Palestinian grads, Jewish alum deliver

2006 graduation speeches about global cooperation

19 June 2006

     At Duke University in North Carolina, the May, 2006 graduation ceremony featured a Palestinian-American scholar delivering the Student Commencement Address.
     The story is at http://www.dukenews.duke.edu/2006/05/kopty.html .
     The transcript of his speech is at http://www.dukenews.duke.edu/2006/05/kopty_speech.html .
     Provost Peter Lange's glowing introduction was reminder of the student's international experience and outstanding Duke scholarship -- twice on the Deans list; four times on the Deans list with distinction, and awarded Distinction on his senior thesis.
     After majoring in International Comparative Studies, with minors in English and Religion, the graduate spoke of empathy and responsibility.
     We have a responsibility to know how we affect other peoples lives. . .were all in this together. . .let us embrace this challenge of becoming invested in each others security and well-being.  Indeed, this is the challenge of the global era. . ."


     Jewish Len Traubman delivered the Commencement Address for the School of Dentistry graduation ceremony of the University of California, San Francisco (UCSF), last Saturday, June 17, 2006.
     The body of the address is at http://traubman.igc.org/ucsf-grad.htm .
     His words and recommendations drew from 25 years' personal experience bringing together avowed rivals, including Soviets and Americans, Armenians and Azerbaijanis, and Jews and Palestinians.
     He reminded the graduates of the obsolescence of war and violence, and of the supreme importance of building human relationships in all arenas of life.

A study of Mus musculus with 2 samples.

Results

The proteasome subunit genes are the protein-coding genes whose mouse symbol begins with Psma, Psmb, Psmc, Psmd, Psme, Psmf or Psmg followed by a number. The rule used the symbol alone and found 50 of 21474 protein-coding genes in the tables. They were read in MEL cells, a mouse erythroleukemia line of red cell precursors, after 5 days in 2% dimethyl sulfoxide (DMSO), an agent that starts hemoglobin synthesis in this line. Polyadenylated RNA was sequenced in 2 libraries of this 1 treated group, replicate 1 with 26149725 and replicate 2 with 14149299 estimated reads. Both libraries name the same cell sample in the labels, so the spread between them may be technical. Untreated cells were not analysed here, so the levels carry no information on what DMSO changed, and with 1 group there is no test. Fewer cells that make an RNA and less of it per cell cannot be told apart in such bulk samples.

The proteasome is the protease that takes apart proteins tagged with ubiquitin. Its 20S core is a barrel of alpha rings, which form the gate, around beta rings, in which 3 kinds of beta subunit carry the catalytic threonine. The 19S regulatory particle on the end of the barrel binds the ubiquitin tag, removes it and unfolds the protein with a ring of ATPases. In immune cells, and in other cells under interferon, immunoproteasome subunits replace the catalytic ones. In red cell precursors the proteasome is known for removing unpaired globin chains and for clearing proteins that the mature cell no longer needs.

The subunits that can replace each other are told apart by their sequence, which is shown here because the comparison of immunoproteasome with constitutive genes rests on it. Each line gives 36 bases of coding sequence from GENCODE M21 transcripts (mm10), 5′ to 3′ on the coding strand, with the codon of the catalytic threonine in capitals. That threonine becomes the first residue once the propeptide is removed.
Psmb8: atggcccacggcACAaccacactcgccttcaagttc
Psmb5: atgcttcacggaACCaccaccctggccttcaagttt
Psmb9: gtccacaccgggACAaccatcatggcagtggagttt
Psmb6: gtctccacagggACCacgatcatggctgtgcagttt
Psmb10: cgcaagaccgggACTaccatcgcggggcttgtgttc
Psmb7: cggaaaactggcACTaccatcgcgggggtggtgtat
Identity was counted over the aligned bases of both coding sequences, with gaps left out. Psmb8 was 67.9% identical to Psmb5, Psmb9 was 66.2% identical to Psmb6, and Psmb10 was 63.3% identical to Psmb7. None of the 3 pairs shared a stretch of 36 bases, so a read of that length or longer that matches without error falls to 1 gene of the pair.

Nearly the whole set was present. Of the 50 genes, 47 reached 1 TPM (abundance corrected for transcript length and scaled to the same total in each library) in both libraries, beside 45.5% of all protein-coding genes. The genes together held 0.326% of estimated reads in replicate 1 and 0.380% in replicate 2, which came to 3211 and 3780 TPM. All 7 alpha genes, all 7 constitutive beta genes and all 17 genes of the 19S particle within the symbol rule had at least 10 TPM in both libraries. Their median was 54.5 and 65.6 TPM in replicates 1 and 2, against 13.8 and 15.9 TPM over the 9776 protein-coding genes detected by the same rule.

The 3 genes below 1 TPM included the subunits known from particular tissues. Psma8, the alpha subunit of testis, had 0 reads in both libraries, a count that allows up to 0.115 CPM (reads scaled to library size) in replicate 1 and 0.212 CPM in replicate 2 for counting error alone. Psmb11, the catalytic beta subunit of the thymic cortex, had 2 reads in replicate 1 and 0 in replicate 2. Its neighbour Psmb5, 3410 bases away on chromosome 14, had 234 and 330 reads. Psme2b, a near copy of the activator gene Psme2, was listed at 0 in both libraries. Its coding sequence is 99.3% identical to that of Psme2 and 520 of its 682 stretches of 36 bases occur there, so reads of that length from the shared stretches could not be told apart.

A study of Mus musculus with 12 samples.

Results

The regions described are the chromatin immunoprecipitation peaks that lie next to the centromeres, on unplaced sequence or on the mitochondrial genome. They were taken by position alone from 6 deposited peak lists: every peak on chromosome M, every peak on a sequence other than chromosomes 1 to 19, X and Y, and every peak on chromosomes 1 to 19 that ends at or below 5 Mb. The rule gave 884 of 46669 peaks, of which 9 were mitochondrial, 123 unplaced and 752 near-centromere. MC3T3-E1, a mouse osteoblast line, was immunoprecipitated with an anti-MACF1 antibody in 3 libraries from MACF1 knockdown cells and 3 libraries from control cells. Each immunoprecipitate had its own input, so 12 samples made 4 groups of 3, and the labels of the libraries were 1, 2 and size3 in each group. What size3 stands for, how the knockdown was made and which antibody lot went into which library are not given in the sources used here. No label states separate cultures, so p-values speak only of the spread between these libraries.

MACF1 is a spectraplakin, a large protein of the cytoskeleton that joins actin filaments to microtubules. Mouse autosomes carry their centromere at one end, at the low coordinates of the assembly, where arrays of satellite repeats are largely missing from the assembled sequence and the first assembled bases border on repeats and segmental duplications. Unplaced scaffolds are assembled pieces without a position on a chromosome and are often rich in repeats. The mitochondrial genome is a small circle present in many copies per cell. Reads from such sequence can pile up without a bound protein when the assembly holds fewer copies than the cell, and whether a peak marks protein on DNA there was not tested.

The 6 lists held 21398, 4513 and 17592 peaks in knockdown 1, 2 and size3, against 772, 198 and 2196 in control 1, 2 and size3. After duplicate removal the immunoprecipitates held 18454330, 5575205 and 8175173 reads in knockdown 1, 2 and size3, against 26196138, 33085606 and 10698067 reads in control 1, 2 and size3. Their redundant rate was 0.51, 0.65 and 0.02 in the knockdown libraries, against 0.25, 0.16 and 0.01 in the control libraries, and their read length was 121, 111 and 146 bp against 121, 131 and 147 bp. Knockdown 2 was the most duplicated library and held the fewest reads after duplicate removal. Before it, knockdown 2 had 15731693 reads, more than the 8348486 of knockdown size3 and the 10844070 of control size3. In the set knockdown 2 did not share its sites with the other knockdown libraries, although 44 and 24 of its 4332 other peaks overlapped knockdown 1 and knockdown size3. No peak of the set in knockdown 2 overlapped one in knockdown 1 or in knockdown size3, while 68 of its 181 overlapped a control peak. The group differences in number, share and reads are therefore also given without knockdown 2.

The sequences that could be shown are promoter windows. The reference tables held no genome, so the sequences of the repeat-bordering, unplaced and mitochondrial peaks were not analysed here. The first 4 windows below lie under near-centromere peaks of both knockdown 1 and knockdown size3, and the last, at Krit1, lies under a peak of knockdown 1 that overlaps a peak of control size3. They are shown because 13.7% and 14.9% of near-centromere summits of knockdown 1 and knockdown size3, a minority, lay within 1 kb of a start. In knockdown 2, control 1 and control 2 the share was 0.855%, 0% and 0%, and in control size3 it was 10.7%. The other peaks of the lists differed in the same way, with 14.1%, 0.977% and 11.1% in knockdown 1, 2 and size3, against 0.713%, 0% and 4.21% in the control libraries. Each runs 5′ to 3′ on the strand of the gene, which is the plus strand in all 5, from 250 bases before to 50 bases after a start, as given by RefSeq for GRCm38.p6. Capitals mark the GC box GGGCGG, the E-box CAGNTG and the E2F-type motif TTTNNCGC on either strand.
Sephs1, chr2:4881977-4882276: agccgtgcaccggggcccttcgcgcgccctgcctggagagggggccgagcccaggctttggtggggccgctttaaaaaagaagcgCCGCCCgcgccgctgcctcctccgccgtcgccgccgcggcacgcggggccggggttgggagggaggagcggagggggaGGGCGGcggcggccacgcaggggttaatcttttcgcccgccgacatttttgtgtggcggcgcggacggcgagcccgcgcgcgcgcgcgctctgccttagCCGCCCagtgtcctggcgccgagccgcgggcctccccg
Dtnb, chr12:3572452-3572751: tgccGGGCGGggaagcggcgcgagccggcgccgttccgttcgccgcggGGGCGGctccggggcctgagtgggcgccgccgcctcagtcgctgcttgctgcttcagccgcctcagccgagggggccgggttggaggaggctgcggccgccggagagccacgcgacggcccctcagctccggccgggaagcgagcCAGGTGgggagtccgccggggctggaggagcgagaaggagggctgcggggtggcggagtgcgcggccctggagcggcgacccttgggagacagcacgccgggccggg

Drawing heavily from 15 years of bringing Palestinians and Jews face to face, he told stories of increasing numbers of courageous citizens -- groups of Arabs and Jews who meet, transform relationships, and creatively effect successful social change together.
     "Weve had a taste of what anthropologist Margaret Meade discovered long ago: 'Never doubt that a small group of thoughtful, committed people can change the world. Indeed, it is the only thing that ever has.'"
     He assured the graduates: "Never doubt your own power to communicate and create change. I dont."
     The conclusions of the Palestinian scholar from Duke are reached just the same by Traubman.
     "We used to think there was individual survival I win, you lose.
     "Life doesnt work that way. Not really.
     "On this Earth, were one neighbors forever. Somos uno. One. Odin. Wahad, in Arabic. Echad, in Hebrew.
      "Were just beginning to understand the meaning of One."


     Across San Francisco Bay, similar thoughts had been expressed by Palestinian Daniel Zoughbie a graduating senior and commencement speaker for hundreds of students in the College of Environmental Design at the University of California, Berkeley.
     "As leaders we can break down the confining barriers of insularity and hatred and guide others into the freedom found in service."
     Beginning his own life of service, as an undergraduate student Daniel has already invented the Global Micro-Clinic approach to treat and prevent diabetes from people in the Middle East and beyond.
     His story is at http://abclocal.go.com/kgo/story?section=local&id=4196230 .
     Berkeley's Division of International Studies is launching a global Micro-Clinic fellowship program based on Daniel's model.

     Daniel's father is Palestinian.  His mother's roots are Jewish. 
     His uncle, Zoughbi Al-Zoughbi, is a devoted Palestinian peacemaker.  Daniel's education has been assisted by Haas and Strauss scholarships.

     More and more, we can find ways to affect and nurture one another in positive ways.
     We can choose a life of service to each other.
     A life like young graduate, Daniel Zoughbie, already lives.